They say hindsight is 20/20. That is usually a way of saying your past choices are clearer when viewed from your current circumstances. It is also something people say when they are not happy with their current results. However, you can also use your 20/20 hindsight to script your future so that you will be pleased with the results when you once again review your choices of the past year.
The new year brings the opportunity to make resolutions and map out a plan to achieve your goals. Many of those may be personal goals, like improving your health or finding personal fulfillment. It’s also an opportunity to make financial resolutions and hold yourself accountable. It all starts with setting goals.
Writing the script for the next year.
The best place to start is to literally write down your goals. The practice of writing down your goals not only helps you visualize what you want to achieve, it also holds you accountable. Financial goals are no different. Try the exercise of imagining the financial goals you would like to achieve and then commit it to paper.
What would you like to achieve over the next 365 days? Would you like to reduce your household debt? Perhaps you have a big purchase in mind like a new car, a boat or even a house? Travel may be big on your priority list. Or you might even be thinking longer than the next year by looking for opportunities to grow your investment portfolio or your retirement savings.
Whatever you dream, write it down. Even better advice would be to hold on to that list and compare it when you get to the end of the year. Not all goals are achieved, but you might find you made significant strides towards reaching them.
Review the previous year.
There is no better opportunity than learning from past behaviors. You’ve probably set goals in the past and for one reason or another were unable to achieve them. What got in the way? Did you start a new goal but lost interest? Did you have too many goals and not enough resources to reach them? There is a pattern there and a quick review of your previous year will help you identify it.
If you haven’t kept good records of your spending and saving patterns, now is the time to start. However, if you look back over the last year and see what your income was in comparison to your expenses, you can determine where your budget should be set.
Income is typically a known value, unless it fluctuates because of seasonality, bonuses or economic conditions. Start with your base income as your starting point, but be aware of factors that might impact your bottom line throughout the year like inflation, scarcity, or anything that would affect your cost of living.
Review the expenses which make up your cost of living. This would include housing costs, utilities, insurance, food and groceries, vehicle maintenance and repair, and basic necessities. But don’t forget the costs accompanied with clothing, food and entertainment, and even those extra additions to your household like pets. These are all extra expenses that will be deducted from your income stream.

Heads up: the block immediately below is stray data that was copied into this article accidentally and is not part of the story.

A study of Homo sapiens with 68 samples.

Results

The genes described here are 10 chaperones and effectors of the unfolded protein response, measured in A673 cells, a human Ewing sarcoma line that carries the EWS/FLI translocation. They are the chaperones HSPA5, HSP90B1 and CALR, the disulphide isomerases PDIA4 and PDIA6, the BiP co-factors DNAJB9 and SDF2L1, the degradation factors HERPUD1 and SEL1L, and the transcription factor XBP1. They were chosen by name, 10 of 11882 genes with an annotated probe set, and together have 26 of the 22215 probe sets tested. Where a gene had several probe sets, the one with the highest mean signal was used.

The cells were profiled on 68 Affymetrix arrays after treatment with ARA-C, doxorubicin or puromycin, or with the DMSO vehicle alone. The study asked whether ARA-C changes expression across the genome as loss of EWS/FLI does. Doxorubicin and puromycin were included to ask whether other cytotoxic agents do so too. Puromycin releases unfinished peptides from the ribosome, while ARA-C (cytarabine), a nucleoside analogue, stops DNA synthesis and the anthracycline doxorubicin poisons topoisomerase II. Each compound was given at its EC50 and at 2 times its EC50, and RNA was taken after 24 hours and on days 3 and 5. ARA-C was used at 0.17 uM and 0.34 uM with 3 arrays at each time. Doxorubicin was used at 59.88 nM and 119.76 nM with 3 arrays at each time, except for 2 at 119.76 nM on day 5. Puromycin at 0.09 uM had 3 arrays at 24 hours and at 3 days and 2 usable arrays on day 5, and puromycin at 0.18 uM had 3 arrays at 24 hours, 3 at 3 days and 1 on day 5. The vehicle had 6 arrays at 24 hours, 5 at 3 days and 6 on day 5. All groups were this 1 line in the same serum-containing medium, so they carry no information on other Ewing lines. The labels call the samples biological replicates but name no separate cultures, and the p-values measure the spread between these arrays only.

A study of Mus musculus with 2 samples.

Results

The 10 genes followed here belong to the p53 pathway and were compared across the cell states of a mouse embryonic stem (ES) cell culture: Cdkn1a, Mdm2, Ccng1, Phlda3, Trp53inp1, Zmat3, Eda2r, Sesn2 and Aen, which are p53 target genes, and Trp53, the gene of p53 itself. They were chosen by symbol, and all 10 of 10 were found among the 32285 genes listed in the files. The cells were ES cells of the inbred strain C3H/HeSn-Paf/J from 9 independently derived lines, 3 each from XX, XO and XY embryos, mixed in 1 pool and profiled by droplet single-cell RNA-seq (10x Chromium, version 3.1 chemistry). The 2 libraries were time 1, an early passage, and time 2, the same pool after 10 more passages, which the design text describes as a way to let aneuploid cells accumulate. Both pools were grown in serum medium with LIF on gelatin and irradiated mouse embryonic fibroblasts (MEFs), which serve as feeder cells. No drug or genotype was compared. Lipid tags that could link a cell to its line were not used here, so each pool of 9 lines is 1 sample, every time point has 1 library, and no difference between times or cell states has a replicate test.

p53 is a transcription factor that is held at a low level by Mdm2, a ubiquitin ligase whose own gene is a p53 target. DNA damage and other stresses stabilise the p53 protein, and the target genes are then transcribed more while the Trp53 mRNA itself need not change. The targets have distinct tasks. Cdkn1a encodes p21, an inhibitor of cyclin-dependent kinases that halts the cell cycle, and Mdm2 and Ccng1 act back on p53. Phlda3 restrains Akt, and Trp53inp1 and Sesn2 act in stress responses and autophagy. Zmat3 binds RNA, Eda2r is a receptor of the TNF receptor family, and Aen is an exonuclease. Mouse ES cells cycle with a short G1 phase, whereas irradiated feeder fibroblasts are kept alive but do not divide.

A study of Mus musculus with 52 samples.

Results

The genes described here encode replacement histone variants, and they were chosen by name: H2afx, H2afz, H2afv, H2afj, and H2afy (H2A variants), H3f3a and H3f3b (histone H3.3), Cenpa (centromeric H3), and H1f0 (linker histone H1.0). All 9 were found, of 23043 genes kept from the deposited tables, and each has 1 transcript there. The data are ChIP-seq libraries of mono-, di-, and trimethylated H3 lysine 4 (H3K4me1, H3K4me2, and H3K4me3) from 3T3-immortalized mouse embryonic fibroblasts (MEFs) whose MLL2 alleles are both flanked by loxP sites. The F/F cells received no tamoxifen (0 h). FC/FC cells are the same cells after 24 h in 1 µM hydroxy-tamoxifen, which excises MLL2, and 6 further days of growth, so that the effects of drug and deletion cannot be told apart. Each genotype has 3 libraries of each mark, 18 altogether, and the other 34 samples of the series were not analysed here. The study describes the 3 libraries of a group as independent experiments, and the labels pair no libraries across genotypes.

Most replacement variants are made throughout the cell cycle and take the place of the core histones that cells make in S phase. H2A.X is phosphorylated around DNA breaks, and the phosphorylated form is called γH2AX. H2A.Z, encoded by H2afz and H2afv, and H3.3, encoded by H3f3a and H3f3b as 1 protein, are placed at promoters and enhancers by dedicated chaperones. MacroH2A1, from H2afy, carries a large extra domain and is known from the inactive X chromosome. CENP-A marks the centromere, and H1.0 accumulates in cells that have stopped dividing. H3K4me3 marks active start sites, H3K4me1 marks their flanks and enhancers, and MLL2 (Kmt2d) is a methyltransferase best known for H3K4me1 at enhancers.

Find room for improvement.
Now that you have a clear picture of your personal finances over the last year, it is time to establish a realistic budget for the coming year. Include all of the basic costs of living that can not be avoided. However, take a closer look and see where economies can be made if you are spending more than is necessary.
Cutting back on luxury items is an easier save than cutting back on the necessities. Decreasing the amount of money you spend going out to eat or shopping can create huge savings. Do you spend a significant amount on sports and entertainment? Both make life much more enjoyable, but also present an area where costs can be scaled back.
Don’t forget to forecast for emergencies or at least the unknown. Prepare a buffer to protect your budget in the event you lose your job or an additional source of income. Maybe you will have an addition to your family by way of spouse or a new child. Vehicles and homes can be costly in the event of a maintenance emergency. Give yourself the financial room to address any situation that might arise.
You might realize savings at the end of the year when the emergencies written into your budget never happen. That money can be rolled over into the next year’s budget, invested, or used to meet some of your other goals like travel or a large purchase. It might not meet this year’s goal but will be a great boon when it comes to meeting the next year’s goals.
Let Bank Independent help reach your resolutions.
From checking and savings to loans and investments, Bank Independent is your local, financial partner to help you meet your financial goals. Visit your local sales office or explore our services online at bibank.com and find out how to make the most of your next year.